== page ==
DALLAS — Dallas lost an artist this weekend. His work wasn't in museums. It's unlikely his pictures are framed in anyone's home.
But hundreds of people are now remembering the man who called himself "Minus Won" — many with artwork of their own.
"Even before graffiti came into the picture, I was that kid in elementary school," said Alvaro Angeles, the artist who died unexpectedly at age 33. He was interviewed by fellow artist and filmmaker Islam Sesalem in February.
"My thing at that given time was comic books, you know, characters. I would trace them, I would draw them," Angeles told Sesalem.
Angeles first began painting with spray cans in his early 20s. He soon becoming known as Minus Won, one of the founders of the current Dallas street art scene.
"We would get our cans together, and look at them and I would be like, 'What are you going to do with that?'" recalled fellow artist Serjio Garcia. "He would make some magic happen."
Minus painted anywhere he could get permission, and was sometimes paid for his work. His canvases included bars, strip mall walls, even churches.
That didn't cover the bills, however, so Minus also held down a day job as a U.S. Postal Service mail carrier.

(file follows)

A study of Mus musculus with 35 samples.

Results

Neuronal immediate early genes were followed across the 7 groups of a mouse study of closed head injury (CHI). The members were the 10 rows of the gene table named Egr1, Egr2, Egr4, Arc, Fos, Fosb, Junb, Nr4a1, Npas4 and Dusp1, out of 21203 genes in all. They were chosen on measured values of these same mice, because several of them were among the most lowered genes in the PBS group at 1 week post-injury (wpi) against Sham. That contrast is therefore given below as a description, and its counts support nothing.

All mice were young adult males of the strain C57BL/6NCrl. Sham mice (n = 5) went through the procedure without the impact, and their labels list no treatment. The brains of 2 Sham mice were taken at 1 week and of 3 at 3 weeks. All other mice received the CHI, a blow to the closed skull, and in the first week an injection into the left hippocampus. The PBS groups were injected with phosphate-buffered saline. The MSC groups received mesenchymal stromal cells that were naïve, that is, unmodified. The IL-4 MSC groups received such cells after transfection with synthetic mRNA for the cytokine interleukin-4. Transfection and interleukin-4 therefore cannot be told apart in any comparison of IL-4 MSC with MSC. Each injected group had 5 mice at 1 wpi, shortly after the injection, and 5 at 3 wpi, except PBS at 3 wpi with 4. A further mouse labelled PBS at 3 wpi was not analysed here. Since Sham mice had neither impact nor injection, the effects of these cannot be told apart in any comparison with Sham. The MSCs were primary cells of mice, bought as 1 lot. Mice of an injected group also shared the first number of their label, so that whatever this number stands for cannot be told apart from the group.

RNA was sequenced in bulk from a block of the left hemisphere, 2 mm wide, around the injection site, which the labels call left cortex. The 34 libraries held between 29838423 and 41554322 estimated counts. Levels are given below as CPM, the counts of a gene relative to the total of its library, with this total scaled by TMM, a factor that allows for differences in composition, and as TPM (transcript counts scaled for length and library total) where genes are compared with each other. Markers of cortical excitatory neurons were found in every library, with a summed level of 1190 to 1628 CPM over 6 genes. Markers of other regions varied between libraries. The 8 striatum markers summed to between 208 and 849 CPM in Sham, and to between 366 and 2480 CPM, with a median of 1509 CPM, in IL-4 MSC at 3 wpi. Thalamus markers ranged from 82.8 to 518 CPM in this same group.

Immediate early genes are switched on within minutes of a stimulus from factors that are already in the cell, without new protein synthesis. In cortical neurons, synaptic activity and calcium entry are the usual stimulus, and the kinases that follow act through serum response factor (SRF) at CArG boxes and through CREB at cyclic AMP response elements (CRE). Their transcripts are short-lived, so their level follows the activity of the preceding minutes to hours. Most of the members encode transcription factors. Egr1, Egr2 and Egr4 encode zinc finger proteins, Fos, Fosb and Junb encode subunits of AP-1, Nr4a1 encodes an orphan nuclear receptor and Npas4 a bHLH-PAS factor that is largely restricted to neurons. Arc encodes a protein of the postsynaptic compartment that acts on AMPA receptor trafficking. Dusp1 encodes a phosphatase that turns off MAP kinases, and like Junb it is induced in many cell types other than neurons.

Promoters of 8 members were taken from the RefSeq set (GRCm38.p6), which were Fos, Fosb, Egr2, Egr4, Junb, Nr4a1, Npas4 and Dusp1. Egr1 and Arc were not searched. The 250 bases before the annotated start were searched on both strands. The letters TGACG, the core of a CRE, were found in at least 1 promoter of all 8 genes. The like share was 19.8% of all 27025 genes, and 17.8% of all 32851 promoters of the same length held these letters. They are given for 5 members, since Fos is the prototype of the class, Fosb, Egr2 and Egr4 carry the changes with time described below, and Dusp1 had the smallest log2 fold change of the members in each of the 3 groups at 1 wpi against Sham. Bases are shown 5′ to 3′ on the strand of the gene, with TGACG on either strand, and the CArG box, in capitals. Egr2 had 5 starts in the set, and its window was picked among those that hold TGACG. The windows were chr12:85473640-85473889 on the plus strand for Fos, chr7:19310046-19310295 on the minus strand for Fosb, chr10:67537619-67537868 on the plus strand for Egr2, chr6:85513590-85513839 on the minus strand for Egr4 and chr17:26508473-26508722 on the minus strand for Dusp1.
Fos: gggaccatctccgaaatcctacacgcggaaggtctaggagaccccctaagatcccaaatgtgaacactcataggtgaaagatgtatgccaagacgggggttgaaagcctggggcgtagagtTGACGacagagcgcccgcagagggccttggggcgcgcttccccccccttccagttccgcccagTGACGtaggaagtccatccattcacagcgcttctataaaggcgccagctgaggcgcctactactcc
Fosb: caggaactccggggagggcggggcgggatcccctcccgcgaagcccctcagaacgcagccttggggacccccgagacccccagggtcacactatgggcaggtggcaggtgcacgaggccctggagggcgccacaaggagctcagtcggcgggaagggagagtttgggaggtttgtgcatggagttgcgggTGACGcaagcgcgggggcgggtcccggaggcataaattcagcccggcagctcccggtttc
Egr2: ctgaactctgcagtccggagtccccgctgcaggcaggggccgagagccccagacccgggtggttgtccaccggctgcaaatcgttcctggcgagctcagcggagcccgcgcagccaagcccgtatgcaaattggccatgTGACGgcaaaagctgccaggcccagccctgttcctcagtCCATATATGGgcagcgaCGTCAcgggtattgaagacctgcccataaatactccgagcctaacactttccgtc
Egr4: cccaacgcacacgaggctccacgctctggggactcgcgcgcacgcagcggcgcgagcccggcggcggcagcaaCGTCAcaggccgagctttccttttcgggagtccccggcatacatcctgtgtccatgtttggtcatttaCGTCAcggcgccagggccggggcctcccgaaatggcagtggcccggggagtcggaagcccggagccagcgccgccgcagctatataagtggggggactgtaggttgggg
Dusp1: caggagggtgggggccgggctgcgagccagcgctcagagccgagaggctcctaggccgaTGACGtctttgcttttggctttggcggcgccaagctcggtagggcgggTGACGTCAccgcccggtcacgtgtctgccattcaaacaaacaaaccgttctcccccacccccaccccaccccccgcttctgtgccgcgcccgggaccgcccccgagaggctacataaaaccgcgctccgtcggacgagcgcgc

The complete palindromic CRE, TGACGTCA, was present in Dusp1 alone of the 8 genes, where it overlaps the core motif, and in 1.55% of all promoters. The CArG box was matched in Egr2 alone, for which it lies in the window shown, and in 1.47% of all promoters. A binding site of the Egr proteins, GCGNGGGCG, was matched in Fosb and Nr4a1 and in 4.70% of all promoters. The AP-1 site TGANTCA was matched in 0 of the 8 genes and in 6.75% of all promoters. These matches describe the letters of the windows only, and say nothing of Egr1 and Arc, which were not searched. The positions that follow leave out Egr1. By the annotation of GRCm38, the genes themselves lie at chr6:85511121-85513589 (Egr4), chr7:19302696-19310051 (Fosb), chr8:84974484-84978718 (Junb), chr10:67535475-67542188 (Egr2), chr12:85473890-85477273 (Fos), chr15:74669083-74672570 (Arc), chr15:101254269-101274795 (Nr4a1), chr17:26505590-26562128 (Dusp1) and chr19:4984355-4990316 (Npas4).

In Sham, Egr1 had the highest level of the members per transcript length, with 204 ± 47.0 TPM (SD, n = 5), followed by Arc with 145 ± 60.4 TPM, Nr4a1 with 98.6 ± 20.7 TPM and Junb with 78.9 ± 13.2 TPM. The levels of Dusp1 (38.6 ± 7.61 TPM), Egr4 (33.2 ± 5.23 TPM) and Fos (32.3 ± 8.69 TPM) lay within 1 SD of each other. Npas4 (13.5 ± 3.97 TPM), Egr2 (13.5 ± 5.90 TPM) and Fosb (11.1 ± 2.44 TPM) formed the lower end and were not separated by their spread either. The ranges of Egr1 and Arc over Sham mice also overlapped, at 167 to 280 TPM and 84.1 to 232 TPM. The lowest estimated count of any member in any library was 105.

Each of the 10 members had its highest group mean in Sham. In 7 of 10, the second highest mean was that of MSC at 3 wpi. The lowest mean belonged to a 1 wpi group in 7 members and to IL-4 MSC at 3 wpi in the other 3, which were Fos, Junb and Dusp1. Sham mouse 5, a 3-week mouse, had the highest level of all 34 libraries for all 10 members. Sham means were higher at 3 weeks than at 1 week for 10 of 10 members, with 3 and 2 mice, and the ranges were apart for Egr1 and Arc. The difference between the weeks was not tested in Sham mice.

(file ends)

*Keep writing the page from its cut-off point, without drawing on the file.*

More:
"When a guy like him will work 10-12 hours, knowing he's a postman, getting out and coming back and doing a piece — that's dedication... that's love," Sesalem said.
Friends said Minus worked all day Saturday, and had just watched the Rangers game with friends when he collapsed for unknown reasons.
He died a short time later.
By Sunday, a call had gone out to other artists: Create, in honor of Minus Won.
Graffiti artists converged on a strip mall near downtown Dallas on Oates Drive. "About an hour, two hours later, this lot was full... this wall was full," Sesalem said.
The pictures continue to build, sprawl, and grow — an ever-changing memorial to Alvaro Angeles, the artist who believed the world could always use another splash of color.
A viewing for Minus Won will be on Wednesday October 19 from noon to 7 p.m at Lincoln Funeral Home, 8100 Fireside Drive in Dallas. Funeral services will be Thursday at 10 a.m. at the same location.